In this photo taken May 25, 2010, Arkansas Lt. Gov. Bill Halter in North Little Rock, Ark. (AP Photo/Danny Johnston) (Danny Johnston)

Poll: Bill Halter should beat Blanche Lincoln Tuesday

Lower turnout than in last month's primary could be bad news for Sen. Blanche Lincoln, the incumbent


Mike Madden
June 4, 2010 10:40PM (UTC)

Sen. Blanche Lincoln could be the next incumbent to lose a party primary on Tuesday, when she faces Lieutenant Gov. Bill Halter in a run-off for the Arkansas Democratic nomination.

The first round of voting last month left Lincoln short of the 50 percent threshold needed to win the nod outright -- as a surprising 13 percent of votes went to D.C. Morrison, seen as a protest candidate -- and set up Tuesday's election. Turnout next week could be far lower than in the first round, though, which probably doesn't bode well for Lincoln. The most committed voters are likely to be the ones who want a change; that probably means they're backing Halter.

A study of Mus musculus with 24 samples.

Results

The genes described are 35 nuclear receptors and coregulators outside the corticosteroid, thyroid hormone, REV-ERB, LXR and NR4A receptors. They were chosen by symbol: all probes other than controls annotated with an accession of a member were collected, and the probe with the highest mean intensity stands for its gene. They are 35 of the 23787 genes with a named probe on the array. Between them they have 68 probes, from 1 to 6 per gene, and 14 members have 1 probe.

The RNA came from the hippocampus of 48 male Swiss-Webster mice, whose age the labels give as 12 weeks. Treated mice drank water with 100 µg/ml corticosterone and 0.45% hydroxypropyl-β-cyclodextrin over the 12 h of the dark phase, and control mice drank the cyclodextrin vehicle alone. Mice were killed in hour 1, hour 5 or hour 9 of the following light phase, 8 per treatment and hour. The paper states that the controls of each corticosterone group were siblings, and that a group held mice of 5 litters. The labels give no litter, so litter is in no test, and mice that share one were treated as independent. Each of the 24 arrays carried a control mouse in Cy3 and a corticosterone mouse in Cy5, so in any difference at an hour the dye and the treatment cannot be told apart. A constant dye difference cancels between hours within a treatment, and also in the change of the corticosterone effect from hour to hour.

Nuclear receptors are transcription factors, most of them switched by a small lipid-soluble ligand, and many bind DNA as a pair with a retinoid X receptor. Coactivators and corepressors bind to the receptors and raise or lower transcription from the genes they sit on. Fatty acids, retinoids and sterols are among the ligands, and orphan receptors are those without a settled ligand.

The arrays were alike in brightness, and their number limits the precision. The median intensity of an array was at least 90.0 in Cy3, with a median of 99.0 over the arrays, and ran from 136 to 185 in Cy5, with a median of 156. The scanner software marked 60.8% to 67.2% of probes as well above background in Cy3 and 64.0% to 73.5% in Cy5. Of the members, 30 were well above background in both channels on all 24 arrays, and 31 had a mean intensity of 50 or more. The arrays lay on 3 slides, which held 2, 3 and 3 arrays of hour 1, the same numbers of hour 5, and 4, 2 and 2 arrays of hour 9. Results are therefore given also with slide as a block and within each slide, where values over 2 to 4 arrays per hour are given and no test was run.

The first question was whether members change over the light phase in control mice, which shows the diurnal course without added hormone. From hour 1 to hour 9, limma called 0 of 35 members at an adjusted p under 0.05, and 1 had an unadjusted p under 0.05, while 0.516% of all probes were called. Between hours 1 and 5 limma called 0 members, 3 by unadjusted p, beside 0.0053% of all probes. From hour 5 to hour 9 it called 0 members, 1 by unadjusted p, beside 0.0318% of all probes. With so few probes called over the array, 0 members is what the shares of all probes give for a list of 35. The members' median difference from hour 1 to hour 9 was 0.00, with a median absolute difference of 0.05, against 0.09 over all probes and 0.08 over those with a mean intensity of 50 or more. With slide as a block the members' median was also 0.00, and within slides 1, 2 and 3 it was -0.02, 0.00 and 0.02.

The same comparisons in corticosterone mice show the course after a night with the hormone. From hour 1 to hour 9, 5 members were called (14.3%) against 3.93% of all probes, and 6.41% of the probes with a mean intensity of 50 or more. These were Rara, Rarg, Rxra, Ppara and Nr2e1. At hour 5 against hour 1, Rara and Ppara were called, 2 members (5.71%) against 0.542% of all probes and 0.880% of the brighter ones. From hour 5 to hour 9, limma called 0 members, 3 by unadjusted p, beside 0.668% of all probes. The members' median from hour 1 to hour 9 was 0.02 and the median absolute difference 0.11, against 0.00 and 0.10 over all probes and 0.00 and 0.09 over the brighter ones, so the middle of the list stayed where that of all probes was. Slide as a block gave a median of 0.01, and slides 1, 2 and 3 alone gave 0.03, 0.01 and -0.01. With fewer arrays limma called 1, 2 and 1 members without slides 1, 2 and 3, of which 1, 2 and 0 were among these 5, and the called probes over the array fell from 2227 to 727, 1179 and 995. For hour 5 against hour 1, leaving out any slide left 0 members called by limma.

Lincoln's campaign has been pushing harder and harder on the idea that Halter is the candidate of outside interests, not Arkansans, playing up his support from MoveOn.org and big labor unions (which, though they have members in Arkansas, aren't wildly popular there).

Take a look at her new ad Friday, featuring Bill Clinton bashing labor:


Meanwhile, the Halter campaign -- sounding increasingly confident lately -- plans to send him out most of this weekend on an RV tour of the state, repeating a similar tour he did just before the May 18 vote. "This poll shows that Arkansans want change," Halter campaign manager Carol Butler said in an e-mail responding to the Kos survey. Early voting started earlier in the week, and Halter aides said they were targeting their supporters to get them to the polls ahead of time if possible. "This race is very close, and I urge all of our supporters to take their friends and family to go vote. They have three days left to vote, two candidates but only one choice for change."


Mike Madden is Salon's Washington correspondent. A complete listing of his articles is here. Follow him on Twitter here.